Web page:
DISRUPTION: Production in some of the largest factories in the country has come to a halt due to the second wave of covid-19 which has impacted industry centres like Pune and Chennai.
During the first covid wave of March 22, 2020 Prime Minister Narendra Modi declared a national lockdown. This resulted in mass loss of jobs. Forcing migrant labour to treck back to their home state. It is estimated that the recent lockdown of more than a month in Maharashtra will cause a loss of over Rs 40,000 crore to industry. Pune is the HQ of the automobile industry being the home of Tata Motors, as well as Hero Honda and Bajaj.
The second wave of COVID-19 and the resultant localised lockdowns have impacted over 75 lakh jobs, taking the unemployment rate to a four-month high of 8 per cent, the Centre for Monitoring Indian Economy (CMIE) said on Monday.
The situation on the employment front is expected to continue to remain challenging going forward as well, CMIE’s managing director and chief executive Mahesh Vyas said. “In the month of April, compared to March, we have lost 75 lakh jobs.
That is what has caused the jump in the unemployment rate,” he told PTI. The national unemployment rate touched 7.97 per cent as per the centre’s proprietary data, with urban areas witnessing higher stress at 9.78 per cent and rural joblessness at 7.13 per cent.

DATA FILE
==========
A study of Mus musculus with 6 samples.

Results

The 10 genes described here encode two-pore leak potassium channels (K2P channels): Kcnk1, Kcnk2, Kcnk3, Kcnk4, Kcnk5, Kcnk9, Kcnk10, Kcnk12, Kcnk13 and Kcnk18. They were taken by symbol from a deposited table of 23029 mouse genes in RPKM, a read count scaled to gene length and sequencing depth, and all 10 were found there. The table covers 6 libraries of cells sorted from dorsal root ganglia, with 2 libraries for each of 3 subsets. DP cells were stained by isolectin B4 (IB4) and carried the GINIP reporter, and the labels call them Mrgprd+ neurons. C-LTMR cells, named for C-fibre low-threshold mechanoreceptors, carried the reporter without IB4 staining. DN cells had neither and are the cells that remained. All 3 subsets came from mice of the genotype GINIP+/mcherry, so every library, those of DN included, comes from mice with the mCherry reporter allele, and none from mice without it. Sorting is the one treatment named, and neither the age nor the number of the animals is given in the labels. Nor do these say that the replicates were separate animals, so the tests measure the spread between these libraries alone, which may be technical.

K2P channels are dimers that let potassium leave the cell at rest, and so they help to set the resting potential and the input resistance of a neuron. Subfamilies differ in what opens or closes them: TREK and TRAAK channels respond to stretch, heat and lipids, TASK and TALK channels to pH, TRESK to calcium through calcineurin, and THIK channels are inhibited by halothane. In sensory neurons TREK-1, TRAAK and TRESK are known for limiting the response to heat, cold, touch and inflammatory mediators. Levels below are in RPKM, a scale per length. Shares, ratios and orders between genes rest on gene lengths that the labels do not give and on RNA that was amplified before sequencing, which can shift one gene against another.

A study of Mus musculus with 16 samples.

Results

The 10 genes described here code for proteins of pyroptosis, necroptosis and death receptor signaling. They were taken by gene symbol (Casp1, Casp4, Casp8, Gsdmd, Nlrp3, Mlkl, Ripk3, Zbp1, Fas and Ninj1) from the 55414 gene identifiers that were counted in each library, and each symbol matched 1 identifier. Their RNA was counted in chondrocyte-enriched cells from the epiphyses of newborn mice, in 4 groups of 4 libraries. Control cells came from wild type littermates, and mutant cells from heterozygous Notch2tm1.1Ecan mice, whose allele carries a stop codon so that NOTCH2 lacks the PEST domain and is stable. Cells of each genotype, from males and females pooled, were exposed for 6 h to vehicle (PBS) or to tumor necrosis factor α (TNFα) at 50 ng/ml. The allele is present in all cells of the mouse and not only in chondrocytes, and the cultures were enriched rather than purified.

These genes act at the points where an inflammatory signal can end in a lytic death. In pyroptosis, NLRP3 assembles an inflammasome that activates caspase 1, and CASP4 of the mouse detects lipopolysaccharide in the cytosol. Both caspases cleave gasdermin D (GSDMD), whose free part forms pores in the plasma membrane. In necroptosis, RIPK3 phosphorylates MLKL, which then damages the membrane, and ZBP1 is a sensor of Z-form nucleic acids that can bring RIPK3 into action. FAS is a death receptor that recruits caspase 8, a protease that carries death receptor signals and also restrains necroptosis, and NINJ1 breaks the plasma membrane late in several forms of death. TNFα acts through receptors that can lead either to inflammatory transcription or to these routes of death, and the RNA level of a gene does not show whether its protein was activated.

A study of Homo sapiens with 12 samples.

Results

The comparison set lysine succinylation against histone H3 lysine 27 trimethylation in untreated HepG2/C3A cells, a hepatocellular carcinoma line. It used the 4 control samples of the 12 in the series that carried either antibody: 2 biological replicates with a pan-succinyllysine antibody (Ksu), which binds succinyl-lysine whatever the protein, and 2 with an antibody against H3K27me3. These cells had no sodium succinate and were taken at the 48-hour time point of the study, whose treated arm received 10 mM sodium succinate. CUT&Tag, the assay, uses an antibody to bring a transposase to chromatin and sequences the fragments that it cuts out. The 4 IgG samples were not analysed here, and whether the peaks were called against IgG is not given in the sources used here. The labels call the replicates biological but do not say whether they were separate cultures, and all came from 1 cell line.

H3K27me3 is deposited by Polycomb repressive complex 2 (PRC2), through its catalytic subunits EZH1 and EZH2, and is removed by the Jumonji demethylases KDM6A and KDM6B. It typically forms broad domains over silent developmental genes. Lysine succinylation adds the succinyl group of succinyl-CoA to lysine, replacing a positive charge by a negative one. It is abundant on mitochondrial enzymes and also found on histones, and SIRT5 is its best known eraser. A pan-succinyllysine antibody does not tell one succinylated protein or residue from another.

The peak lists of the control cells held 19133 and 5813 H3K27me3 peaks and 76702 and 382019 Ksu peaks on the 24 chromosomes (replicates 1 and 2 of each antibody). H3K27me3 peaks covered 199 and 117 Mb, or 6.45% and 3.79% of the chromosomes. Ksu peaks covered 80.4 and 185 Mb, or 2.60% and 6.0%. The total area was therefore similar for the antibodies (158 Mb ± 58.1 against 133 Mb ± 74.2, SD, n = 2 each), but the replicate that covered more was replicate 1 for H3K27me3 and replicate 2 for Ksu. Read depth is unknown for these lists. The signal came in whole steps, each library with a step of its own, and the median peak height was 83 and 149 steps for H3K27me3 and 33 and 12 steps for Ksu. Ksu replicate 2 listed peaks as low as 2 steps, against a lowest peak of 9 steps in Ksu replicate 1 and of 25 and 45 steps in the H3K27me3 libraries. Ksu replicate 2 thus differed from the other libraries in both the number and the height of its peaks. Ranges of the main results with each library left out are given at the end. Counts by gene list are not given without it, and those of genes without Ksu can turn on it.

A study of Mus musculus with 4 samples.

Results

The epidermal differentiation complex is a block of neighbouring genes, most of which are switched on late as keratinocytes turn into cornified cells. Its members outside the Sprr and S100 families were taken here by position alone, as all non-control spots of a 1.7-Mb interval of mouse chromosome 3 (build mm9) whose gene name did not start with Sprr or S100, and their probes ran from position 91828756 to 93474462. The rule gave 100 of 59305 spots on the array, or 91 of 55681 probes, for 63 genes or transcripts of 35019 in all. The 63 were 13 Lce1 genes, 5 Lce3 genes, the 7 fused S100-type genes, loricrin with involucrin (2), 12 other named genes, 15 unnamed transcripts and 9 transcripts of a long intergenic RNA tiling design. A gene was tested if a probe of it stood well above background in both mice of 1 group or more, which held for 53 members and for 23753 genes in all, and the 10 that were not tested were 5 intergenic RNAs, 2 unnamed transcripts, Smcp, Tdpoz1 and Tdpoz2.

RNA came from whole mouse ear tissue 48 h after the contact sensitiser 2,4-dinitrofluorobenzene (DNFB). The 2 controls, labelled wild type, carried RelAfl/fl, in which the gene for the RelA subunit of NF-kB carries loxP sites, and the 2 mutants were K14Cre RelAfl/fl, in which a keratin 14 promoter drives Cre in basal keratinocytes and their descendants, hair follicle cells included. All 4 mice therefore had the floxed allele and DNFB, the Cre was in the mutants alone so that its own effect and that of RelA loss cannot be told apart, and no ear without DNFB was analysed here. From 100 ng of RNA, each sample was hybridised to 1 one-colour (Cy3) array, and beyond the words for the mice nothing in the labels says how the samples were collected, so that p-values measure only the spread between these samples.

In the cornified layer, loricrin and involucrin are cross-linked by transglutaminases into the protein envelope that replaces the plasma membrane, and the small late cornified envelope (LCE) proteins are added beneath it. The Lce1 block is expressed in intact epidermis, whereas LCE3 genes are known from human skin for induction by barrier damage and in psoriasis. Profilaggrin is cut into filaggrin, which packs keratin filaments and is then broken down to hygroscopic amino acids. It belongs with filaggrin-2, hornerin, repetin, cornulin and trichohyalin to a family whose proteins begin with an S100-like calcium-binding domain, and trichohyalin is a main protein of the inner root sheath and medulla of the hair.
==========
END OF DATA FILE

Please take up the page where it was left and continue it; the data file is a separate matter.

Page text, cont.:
The national unemployment rate had stood at 6.50 per cent in March, and the number on both rural and urban front was lower.
The second wave of the COVID-19 pandemic has led to a slew of pockets going under lockdown-like situation with only essential activities being allowed, which result in a chill in a bulk of economic activities and a resultant impact on jobs. “I do not know about the peaking of the COVID wave, but I can see stress on the employment front,” Vyas said.
What is likely to happen is that unemployment can remain at high levels, he said, adding that the labour force participation rate can also fall. “In worst situation, both can happen,” Vyas added. He, however, said that the situation right now is not as dire as the one witnessed in the first lockdown, when the unemployment rate had touched up to 24 per cent levels.
The country is reporting around 4 lakh new infections a day and over 3,000 deaths. In an address to the nation last month, Prime Minister Narendra Modi had advised states to look at lockdowns as a last resort, because of its impact on economic activity.